German beer = Lager.
One word with the emphasis (in England at any rate!) on the aaaa-ger part of the word!
That is probably what you are thinking right now as you read this, ‘there’s only lager in Germany, it is fizzy, clear, served cold and rather easy to drink!’.
Right, or wrong?
Well, right and wrong.
Before we start, there are quite a few German words which have been unwisely adapted by the English speaking world and turned into something that the original word doesn’t really mean and the word lager is one of them! So it is probably best that we really start with the actual definition of the word lager-a quick German lesson-when we are talking about lager within the context of beer then it simply means ‘cold maturing’ and no it doesn’t refer to a primary top or bottom fermented style of beer either!
Another very important definition-within this article the terms top, bottom and spontaneous fermentation is used to define the primary fermentation when beer is brewed, the use of ale and lager is just too simplistic within the context of German beer! Sorry!
It is hard to believe that in this country of 85 million people with around 1300 breweries (of which around half are in Bavaria), there are in fact over 20 different ‘styles’ of beer in Germany which can be more or less clearly defined, unfortunately the fizzy liquid which we call lager in the UK and the USA is in fact usually just a sort of a version of a style of beer called Pilsner (originating in the town of Pilsen in the Czech Republic) which swept through Europe during the 1800s and has remained here ever since! Mass immigration from Germany during the late 1800s could attribute to this and yes you’ve guessed it, the immigrants took the new Pilsner (Pils) style beer across to the USA and the rest is history! For the ‘style police’ amongst you; whereas the Beer Judge Certification Programme (BJCP) is an attempt to ‘judge’ beer, this article outlines how to ‘drink’ beer! Smile.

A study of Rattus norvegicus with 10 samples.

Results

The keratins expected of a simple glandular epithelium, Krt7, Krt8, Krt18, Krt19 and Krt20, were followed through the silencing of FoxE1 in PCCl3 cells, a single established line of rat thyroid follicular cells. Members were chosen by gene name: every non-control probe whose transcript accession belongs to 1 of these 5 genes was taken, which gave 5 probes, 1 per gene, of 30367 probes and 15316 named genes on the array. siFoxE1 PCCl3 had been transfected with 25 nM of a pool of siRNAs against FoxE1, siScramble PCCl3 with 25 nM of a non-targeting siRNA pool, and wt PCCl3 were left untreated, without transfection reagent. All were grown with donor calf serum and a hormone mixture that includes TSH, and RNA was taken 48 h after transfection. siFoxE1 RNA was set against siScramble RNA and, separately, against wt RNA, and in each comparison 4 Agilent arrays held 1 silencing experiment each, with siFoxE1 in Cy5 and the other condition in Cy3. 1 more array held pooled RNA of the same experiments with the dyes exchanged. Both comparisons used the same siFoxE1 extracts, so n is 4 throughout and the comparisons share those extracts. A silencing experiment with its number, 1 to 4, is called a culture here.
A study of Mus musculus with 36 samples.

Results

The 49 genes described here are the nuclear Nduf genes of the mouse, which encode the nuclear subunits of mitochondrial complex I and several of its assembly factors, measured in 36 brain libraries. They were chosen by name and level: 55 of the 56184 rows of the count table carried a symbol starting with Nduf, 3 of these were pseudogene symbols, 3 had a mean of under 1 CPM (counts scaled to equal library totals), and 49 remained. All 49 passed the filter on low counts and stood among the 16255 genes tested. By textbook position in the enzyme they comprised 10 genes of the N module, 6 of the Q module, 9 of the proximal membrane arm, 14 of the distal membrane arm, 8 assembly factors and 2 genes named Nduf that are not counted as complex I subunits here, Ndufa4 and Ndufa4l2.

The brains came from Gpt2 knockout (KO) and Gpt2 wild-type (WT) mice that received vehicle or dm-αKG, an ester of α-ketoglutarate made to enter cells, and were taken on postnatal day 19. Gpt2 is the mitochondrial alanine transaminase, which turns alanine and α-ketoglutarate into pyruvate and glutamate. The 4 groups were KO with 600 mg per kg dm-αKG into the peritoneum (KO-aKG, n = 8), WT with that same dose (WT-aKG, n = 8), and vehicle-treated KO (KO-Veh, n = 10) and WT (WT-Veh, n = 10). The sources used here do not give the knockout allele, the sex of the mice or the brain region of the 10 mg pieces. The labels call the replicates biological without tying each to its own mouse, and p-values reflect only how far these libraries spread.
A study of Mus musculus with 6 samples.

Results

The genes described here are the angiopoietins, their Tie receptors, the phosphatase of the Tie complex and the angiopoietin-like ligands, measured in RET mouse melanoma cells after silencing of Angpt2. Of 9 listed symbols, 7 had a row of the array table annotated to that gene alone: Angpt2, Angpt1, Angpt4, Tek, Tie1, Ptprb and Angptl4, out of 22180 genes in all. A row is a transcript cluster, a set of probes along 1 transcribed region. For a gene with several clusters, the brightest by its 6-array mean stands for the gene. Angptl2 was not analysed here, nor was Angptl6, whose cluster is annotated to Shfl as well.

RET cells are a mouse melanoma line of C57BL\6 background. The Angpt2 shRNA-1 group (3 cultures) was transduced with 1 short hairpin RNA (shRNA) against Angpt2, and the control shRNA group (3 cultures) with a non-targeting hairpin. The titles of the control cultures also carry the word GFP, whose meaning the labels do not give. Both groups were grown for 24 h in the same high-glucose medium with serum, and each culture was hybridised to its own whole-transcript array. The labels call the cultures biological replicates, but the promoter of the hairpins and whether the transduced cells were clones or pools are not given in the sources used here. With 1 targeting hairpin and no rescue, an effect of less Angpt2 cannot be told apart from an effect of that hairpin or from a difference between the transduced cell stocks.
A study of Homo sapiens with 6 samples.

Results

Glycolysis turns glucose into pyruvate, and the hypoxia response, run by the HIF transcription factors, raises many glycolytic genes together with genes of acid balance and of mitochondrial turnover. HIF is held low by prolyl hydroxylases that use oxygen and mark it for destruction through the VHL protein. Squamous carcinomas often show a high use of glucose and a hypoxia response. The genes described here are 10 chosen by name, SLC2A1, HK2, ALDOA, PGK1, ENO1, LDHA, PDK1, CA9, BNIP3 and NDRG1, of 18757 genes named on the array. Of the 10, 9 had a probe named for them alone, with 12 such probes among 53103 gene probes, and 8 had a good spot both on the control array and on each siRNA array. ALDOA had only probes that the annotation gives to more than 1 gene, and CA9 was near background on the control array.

On the left photo you can see some Lagering tanks at Eck Brauereigasthof in the Bavraian Forest. The tanks are in a cellar dug many years ago deep below the hamlet of Eck, the temperature is held just above zero °C, wakes you up if you have had one or 5 too many the night before! Mike the brewer showed us around. Thanks Mike-awesome place!
One of the very sad facts that is within Germany it is very unusual to have more than around 3 different types of beer in a pub, there will usually be a lighter coloured beer such as a Pils or in Bavaria a Helles, a darker beer and also usually a bottled Weizen beer, in many country breweries especially in Franken, Düsseldorf and Köln there will be just one beer available!
We will now attempt to make sense of all the beer and styles of Germany so that at the end of this you will find yourself wanting to get out for a few fresh German beers yourself!
Coming up in the next installment.., part 2-a quick bit of history!